I am an avid fan of playgrounds; not just because it’s great for children and the tremendous benefit it brings but it also brings out the “kid” in me! Back when we lived in South Island, New Zealand, most suburbs have their own playground. Luckily, we lived close to Botanic Gardens in Dunedin and they have a fantastic space for children.
When my children were younger (3 and 5 years), it was our routine to take them to nearby playgrounds after school or on weekends. Sometimes, we feel a bit adventurous and drive around to search for spaces where they can play. One time we ended up in Roxburgh which is 1 1/2 hour from Dunedin! I know, crazy right?
Playgrounds are fantastic as children can do so many things! They can use the swing, climb the monkey bars, trees or climbing structures, kick or throw balls in an open field, and of course the flying fox! However, the beauty of natural playgrounds offers something entirely different. They can climb on the trees, use sticks, stones or leaves or whatever they find on the ground and use it in all manners of pretend play! The opportunities for open ended play are endless.
They can spend hours navigating the wonders of the space. Such a great way to spend an afternoon or morning and I always find them needing a nap after an active play.
What stood out from me back then were the natural playgrounds. I remember the school where my children used to go, they have this adventure playground. Such a fantastic area! My children will often tell me they spent a good amount of time playing there during recess. What’s important is these playgrounds offer lots of challenges and lots of risk taking for children.
Playgrounds provide crucial and vital opportunities for children to play. There is substantial research showing the clear link between play and brain development, motor-skills, and social capabilities. All learning—emotional, social, motor and cognitive—is accelerated, facilitated, and fueled by the pleasure of play. Playgrounds that promote different types of play are vital for a child’s cognitive, emotional, physical, and social development. (http://www.imaginationplayground.com/images/content/2/9/2999/the-benefits-of-playgrounds-for-children-aged-0-5.pdf)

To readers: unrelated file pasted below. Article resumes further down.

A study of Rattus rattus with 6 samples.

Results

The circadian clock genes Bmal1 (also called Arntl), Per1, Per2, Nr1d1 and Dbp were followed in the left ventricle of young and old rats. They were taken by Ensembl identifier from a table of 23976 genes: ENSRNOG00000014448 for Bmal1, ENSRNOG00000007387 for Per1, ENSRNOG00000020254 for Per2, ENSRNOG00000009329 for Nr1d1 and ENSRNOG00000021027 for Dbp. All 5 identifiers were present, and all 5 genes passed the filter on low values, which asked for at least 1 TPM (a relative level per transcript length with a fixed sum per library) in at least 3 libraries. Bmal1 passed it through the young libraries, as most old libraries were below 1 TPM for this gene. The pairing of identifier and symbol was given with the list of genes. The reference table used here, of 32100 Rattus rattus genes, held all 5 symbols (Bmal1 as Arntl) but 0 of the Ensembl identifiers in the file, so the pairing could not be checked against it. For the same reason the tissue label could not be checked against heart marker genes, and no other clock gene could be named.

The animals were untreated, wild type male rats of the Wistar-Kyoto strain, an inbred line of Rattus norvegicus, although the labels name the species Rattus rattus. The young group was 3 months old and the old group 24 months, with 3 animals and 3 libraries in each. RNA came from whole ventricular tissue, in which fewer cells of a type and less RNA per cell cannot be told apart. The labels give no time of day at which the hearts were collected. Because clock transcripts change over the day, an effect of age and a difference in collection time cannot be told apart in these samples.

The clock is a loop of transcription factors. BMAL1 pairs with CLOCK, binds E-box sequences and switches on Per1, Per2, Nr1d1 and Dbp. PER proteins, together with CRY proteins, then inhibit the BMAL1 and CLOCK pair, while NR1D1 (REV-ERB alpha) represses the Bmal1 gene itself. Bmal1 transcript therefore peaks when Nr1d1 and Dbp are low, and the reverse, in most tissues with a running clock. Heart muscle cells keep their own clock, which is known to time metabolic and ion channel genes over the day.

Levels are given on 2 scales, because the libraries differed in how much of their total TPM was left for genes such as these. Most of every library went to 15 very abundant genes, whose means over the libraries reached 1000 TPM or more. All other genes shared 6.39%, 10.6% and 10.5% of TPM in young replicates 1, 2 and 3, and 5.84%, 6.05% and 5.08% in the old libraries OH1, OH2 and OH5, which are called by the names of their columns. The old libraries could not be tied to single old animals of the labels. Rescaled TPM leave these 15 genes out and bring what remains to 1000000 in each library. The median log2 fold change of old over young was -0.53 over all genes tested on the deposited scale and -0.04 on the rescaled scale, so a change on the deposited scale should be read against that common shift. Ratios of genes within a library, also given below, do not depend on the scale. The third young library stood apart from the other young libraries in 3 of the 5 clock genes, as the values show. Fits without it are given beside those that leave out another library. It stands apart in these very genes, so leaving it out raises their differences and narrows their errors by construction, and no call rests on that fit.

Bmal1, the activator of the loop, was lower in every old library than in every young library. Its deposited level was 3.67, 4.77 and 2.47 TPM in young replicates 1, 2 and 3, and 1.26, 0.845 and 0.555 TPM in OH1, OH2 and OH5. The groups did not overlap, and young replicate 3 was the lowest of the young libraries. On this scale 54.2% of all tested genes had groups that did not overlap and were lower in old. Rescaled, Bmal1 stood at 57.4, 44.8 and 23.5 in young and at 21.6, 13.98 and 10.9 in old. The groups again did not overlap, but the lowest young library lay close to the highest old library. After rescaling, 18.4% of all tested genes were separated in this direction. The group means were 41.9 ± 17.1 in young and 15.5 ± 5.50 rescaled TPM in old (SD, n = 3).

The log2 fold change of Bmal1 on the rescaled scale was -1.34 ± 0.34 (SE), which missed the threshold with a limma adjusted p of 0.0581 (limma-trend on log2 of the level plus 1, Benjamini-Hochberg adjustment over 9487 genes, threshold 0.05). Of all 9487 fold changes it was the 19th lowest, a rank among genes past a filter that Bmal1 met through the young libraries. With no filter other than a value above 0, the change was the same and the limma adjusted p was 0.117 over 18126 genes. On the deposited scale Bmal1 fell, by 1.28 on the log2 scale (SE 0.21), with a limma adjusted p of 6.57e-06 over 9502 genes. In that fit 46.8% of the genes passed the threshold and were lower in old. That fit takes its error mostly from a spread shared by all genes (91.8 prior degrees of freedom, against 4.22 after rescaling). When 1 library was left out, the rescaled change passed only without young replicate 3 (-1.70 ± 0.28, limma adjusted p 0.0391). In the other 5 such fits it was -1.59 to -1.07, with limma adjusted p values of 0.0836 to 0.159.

At a Montessori school where I work part-time, their playground doesn’t have any fixed equipment. They have only natural ones such as rocks and trees. Every day, children climb on trees or rocks, run around, pick up mulch, sticks and dried leaves and so forth.
Natural playgrounds also provide greater opportunities for children to engage in interactive play. As the environment is constantly changing, play becomes more interactive, there are fewer restrictions, more freedom to run around and explore and for children to truly immerse themselves in play. Static play equipment can only be used in a finite number of ways, and therefore children’s activities can end up becoming repetitive if they visit the playground over and over again. In a playground where more natural materials are used, and areas which are allowed to change or be manipulated by little hands and also grow are incorporated into the playground, the activities and opportunities for exploration, creativity and imagination will be practically endless.
Maybe you’re thinking, “oh, that’s boring.” It might not be appealing to adults, but for children that is all they need. They use their imagination; there is lots of pretend play happening and lots of talking and negotiations amongst children. And yes, this is every single day. Do we offer toys for them to play with? No. Is there a need for that? However, they can use the natural resources they can find on the ground.
An unstructured outdoor play is essential to children’s development. Just provide the environment and you will be surprised how your child takes the wonder of it.
Would be great if you can share photos of your child’s favorite playground!